Phil Grabsky (director)
05 February 2019 (released)
01 February 2019
Young Picasso is the latest offering from the team at Exhibition On Screen, who specialise in bringing in-depth documentaries about exhibition-based artworks into cinemas.
With so little known about Picasso’s early years, the film ably re-addresses this balance, revealing childhood influences and formative experiences, of one of the world’s most celebrated artists.
Working in close collaboration with the five major Picasso museums in Málaga, Barcelona and Paris, Director Phil Grabsky focuses on the first twenty-five years of Pablo Picasso’s life.
Unfolding chronologically, the film gradually builds towards the creation of Les Demoiselles d’Avignon (1907). The oil painting is considered culturally significant as it marks for many Picasso’s transition from classical painter to pioneer of a modernist art form.
Picasso was only twenty-five years old when he painted Les Demoiselles d’Avignon and at the time it attracted much controversy and criticism for its departure from artistic norms. Some commentators claim the artist resisted public exhibition for several years, in response to negative reactions to the piece at the time.
There is much to relish within this documentary format, a painting by the seven-year-old Pablo for example, evokes a precocious talent. His father, José Ruiz y Blasco, also looms large as a key figure. Blasco, a painter and art teacher himself, taught his son how to draw and Grabsky gives due consideration to the significant role he played in supporting his son to succeed as an artist.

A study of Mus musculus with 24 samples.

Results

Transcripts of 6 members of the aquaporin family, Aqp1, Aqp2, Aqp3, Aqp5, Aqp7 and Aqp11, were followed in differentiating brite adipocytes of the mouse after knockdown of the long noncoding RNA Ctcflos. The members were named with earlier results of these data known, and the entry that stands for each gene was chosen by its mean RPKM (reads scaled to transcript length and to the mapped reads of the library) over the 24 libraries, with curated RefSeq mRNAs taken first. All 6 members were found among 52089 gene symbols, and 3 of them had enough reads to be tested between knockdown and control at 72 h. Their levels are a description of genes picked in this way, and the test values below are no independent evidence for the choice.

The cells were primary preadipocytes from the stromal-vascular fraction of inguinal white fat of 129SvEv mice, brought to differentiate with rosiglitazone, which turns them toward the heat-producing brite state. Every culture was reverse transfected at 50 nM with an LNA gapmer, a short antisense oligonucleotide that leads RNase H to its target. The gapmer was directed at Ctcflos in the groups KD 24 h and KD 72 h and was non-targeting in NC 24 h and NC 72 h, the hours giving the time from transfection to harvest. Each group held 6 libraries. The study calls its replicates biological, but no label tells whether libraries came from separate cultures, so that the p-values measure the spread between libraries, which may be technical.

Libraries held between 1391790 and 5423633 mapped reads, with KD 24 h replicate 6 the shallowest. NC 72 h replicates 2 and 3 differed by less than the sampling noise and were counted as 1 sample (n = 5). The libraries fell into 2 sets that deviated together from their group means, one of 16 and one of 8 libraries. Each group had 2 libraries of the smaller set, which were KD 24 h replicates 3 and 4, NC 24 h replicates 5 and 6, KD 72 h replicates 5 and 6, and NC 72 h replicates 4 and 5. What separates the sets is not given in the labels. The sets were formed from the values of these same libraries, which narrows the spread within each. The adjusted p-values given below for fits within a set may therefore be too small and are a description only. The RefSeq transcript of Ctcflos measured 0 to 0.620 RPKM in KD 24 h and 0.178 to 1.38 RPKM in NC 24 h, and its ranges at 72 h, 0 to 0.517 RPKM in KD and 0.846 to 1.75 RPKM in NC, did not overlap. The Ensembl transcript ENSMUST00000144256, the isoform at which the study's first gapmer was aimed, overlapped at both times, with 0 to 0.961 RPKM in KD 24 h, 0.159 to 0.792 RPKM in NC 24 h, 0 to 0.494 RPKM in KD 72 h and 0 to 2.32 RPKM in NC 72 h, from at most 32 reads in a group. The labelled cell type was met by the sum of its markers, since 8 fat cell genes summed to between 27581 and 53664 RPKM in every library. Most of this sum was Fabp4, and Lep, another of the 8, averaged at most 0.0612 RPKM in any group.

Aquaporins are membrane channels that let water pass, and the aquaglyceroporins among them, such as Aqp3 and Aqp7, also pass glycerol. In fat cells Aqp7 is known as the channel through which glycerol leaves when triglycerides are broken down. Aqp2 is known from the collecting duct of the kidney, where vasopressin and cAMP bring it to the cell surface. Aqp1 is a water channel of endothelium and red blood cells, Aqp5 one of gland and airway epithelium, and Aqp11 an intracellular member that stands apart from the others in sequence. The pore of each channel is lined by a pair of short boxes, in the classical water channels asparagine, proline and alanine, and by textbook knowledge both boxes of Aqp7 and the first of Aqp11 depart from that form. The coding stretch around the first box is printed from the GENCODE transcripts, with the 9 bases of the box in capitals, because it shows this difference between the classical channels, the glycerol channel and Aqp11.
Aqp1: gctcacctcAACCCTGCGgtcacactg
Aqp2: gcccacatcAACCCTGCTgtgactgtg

Experts from the participating museums as well as his grandson, Olivier Widmaier Picasso, do a fine job at explaining Picasso’s earlier compositions and his creative development. Interwoven are additional voices from historians and critics, and voiced-up letters from friends and lovers, all of which add an enriching layer of testimony from the past.
From a visual perspective the sequences linking the contributors and the art, using loose wide shots and slow tracking moves around gallery spaces, lacks an overall aesthetic.
The cinematography comes alive when it jumps into the canvasses themselves. Grabsky’s decision to linger a while, showing the texture, colour and brushstrokes, works extremely well as a tutorial on great art.
Scholarly in content and delivery, Young Picasso is an illuminating documentary for the art-curious and a legacy film for Picasso enthusiasts.